This winter season, try these five tips for encouraging your family members and kids to eat healthy during the holidays.
Fill their plates with protein, healthy fats, and colorful produce.The same guidelines for a healthy plate still apply to the holidays. Lean proteins, like chicken or fish, help our bodies function at their best. And, healthy fats, like avocados and olive oil, give us the energy we need without the crash that comes from refined carbohydrates, like mashed potatoes.
There is an abundance of antioxidant-rich fruits and vegetables in season over the winter that add color to our plate and unique health benefits to our bodies.
Challenge your kids to eat the rainbow every day—or as much color as possible. Foods that are naturally colorful are filled with vitamins and fiber, which helps regulate a healthy gut and can reduce the risk of autoimmune diseases and chronic diseases, such as type 2 diabetes, obesity, and cancer. Encourage your kids to limit white foods, which tend to offer little nutrition. Rice, potatoes, pasta, bread, and other starchy foods spike blood sugar, causing mood and energy to fluctuate.
Limit added sugars by making naturally sweet foods enticing.
Added sugar found in favorite holiday treats, like sugar cookies or pecan pie, contributes to hyperactivity and mood disorders. Instead, try recipes with sweet potatoes, carrots, and other foods that are naturally sweet. Or, consider adding cinnamon which adds a sweet flavor to any food.
While it's okay to indulge over the holidays within reason, too much sugar can affect your child's sleep quality and significantly increase their calorie intake. Consider lowering the amount of sugar added to sweet treats or swapping out ingredients for those that are naturally sweet, like fruit. Frozen fruit popsicles, fruit kabobs, or creative fruit desserts, can entice kids for dessert. Just setting out a variety of fruit where your family can easily see it and grab it increases the likelihood that they'll reach for something healthy during the holidays when they feel hungry.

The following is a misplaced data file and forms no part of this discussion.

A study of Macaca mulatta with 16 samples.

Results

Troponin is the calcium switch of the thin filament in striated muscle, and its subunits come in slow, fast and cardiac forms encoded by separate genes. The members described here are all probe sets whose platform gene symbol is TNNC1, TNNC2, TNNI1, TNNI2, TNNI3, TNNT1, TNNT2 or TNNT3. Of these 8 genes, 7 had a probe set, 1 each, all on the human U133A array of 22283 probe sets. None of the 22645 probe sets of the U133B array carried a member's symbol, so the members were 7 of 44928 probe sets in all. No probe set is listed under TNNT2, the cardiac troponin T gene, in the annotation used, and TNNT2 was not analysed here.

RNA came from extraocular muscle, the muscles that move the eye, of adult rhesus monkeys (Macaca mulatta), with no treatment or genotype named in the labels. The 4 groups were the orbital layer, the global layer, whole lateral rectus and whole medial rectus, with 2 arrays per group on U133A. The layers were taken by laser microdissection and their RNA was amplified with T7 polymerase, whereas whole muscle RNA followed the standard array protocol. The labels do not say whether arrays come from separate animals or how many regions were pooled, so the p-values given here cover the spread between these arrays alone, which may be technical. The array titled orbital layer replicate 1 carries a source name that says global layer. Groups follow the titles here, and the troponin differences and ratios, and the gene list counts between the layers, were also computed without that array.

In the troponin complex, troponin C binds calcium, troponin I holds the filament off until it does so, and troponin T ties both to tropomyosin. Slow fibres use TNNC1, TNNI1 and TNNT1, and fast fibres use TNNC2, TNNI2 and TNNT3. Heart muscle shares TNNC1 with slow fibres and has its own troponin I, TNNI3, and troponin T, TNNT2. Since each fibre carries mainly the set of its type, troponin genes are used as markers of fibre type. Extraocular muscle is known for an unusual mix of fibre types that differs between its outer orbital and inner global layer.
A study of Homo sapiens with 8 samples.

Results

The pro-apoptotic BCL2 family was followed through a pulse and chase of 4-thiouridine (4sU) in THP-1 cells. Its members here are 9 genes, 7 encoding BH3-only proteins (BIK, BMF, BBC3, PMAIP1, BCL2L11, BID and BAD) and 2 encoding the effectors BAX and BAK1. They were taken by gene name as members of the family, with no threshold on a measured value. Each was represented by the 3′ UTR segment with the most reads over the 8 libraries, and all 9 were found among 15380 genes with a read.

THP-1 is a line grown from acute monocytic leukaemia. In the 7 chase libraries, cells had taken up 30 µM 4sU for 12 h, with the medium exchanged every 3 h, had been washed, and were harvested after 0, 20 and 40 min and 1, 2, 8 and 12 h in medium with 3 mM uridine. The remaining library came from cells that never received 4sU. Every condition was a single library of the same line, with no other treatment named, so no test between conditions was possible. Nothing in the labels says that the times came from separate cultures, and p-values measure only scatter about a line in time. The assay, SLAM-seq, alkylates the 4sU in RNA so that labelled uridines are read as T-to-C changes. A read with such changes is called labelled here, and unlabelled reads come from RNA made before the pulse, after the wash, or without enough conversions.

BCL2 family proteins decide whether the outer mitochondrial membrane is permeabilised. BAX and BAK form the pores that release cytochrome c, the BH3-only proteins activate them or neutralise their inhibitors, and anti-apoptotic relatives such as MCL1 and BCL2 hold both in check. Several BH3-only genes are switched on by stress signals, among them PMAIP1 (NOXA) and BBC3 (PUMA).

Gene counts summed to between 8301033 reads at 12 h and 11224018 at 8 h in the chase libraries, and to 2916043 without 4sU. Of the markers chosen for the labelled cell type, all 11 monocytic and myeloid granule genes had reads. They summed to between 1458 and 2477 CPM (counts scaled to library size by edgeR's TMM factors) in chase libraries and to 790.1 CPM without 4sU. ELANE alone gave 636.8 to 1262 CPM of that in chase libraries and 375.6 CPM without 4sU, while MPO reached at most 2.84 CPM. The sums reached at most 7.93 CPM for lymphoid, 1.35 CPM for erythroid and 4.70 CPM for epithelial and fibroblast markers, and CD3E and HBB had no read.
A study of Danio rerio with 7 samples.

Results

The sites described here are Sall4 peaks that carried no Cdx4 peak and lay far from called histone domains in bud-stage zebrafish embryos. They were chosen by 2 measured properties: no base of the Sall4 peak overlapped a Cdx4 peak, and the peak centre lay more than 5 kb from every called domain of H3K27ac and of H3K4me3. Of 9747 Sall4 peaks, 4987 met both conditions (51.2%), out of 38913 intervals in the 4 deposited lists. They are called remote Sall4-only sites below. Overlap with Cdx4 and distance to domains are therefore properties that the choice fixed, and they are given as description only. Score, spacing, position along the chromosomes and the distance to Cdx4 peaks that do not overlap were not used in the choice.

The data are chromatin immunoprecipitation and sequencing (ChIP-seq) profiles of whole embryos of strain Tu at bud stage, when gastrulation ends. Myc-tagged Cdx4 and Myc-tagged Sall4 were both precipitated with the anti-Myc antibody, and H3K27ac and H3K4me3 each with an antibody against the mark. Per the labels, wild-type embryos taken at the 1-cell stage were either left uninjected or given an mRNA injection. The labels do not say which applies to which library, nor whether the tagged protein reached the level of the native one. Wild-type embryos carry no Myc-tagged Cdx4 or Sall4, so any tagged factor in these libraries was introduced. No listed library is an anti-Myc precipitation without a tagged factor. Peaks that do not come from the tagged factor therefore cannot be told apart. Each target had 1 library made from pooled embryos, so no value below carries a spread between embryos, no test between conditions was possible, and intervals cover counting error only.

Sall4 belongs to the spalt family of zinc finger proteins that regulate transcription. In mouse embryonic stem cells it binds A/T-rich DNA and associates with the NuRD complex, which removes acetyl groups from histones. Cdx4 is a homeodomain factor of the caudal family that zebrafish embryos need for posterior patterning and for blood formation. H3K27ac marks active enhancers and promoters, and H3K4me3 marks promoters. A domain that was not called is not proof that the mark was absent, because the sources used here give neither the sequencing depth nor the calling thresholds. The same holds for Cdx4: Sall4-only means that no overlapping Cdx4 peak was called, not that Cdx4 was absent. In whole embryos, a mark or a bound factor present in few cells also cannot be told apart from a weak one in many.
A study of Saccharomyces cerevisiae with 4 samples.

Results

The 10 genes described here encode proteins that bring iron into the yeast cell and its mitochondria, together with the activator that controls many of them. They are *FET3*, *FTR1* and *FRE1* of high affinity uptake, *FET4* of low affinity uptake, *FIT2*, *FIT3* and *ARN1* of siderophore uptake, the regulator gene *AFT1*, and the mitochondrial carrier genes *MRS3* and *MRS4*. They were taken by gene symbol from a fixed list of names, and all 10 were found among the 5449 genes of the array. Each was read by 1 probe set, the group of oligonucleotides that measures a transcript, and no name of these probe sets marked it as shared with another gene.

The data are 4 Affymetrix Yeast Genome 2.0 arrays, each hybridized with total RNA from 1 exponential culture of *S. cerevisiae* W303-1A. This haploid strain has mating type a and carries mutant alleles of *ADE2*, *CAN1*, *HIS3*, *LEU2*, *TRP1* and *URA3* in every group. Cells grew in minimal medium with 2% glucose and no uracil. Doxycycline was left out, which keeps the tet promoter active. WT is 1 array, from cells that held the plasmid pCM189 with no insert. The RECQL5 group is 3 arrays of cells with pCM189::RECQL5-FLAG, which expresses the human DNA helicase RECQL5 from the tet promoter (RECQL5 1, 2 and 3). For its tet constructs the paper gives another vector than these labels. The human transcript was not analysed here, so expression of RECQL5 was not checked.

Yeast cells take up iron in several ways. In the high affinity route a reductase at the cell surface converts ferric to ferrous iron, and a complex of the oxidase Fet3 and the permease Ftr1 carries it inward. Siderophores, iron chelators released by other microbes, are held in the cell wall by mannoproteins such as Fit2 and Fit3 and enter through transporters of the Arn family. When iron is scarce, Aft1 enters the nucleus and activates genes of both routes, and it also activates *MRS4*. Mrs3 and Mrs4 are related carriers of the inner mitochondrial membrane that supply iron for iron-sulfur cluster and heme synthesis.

Try this: Thinly slice strawberries and add a dab of whipped cream along the bottom edges to make festive and tasty Santa hats.
Consider portion sizes and remember, "everything in moderation."
Healthy eating doesn't demand that you completely eliminate fatty or sugary foods from your diet over the holidays. Instead, enjoy indulging in a few favorite dishes and treats while being mindful of how much you're eating. Typically, portion sizes are smaller than the size of your palm (relative to each of your family members). If you're having a sweet treat, the portion size may be smaller.
Encouraging your family to fill up their plate with smaller portions allows them to try a variety of enjoyable foods that they may not get other times of the year without overdoing it. Kid plates often come with dividers that encourage both appropriate portion sizes and variety. Make balanced choices by filling up on the good-for-you foods first and eating "fun foods" every once in a while without associating them with any guilt.
Involve your kids in the holiday meal prep.
Eating healthy can be easy when there are tasty and nutritious choices readily available. One way to create more interest in eating healthy is by getting your kids involved in the kitchen. They can choose a new healthy dish to make or learn a family recipe, like grandma's famous green bean casserole, which gives them an opportunity to learn about the ingredients going into all the food. If your kids are little, try to shed the anxiety about the mess and invite them to join in on mixing, stirring, or setting the table.
Maintain a normal eating schedule.
It can be tempting for your family to think they need to skip meals and "save up" calories before a holiday party or large family gathering. Doing so will only lead to overeating later on and slower metabolisms over time. Regular meal schedules keep your family filled with nutrients that leave them feeling satisfied and energized. Kids get hungry between meals, so having healthy snack options on hand and accessible can ensure they don't grab processed junk when their stomach rumbles.
Model nutritious choices in your own eating habits.
If we want our families to eat healthy during the holidays, it's important that we serve as role models by doing it ourselves. As much as we expect kids to do what we say, they're more likely to "do what we do." Whether they're conscious of it or not, our children are watching what we do at the dinner table and in between meals. If we want our kids to choose healthy eating when faced with tempting treats, the best way we can encourage them to do so is by making nutritious choices ourselves. This holiday season, try to set a healthy example for your family by taking a balanced approach that involves filling yourself with nutritious, colorful foods while allowing room to indulge in the occasional slice of pumpkin pie or an extra helping of mashed potatoes. Your family will likely do the same!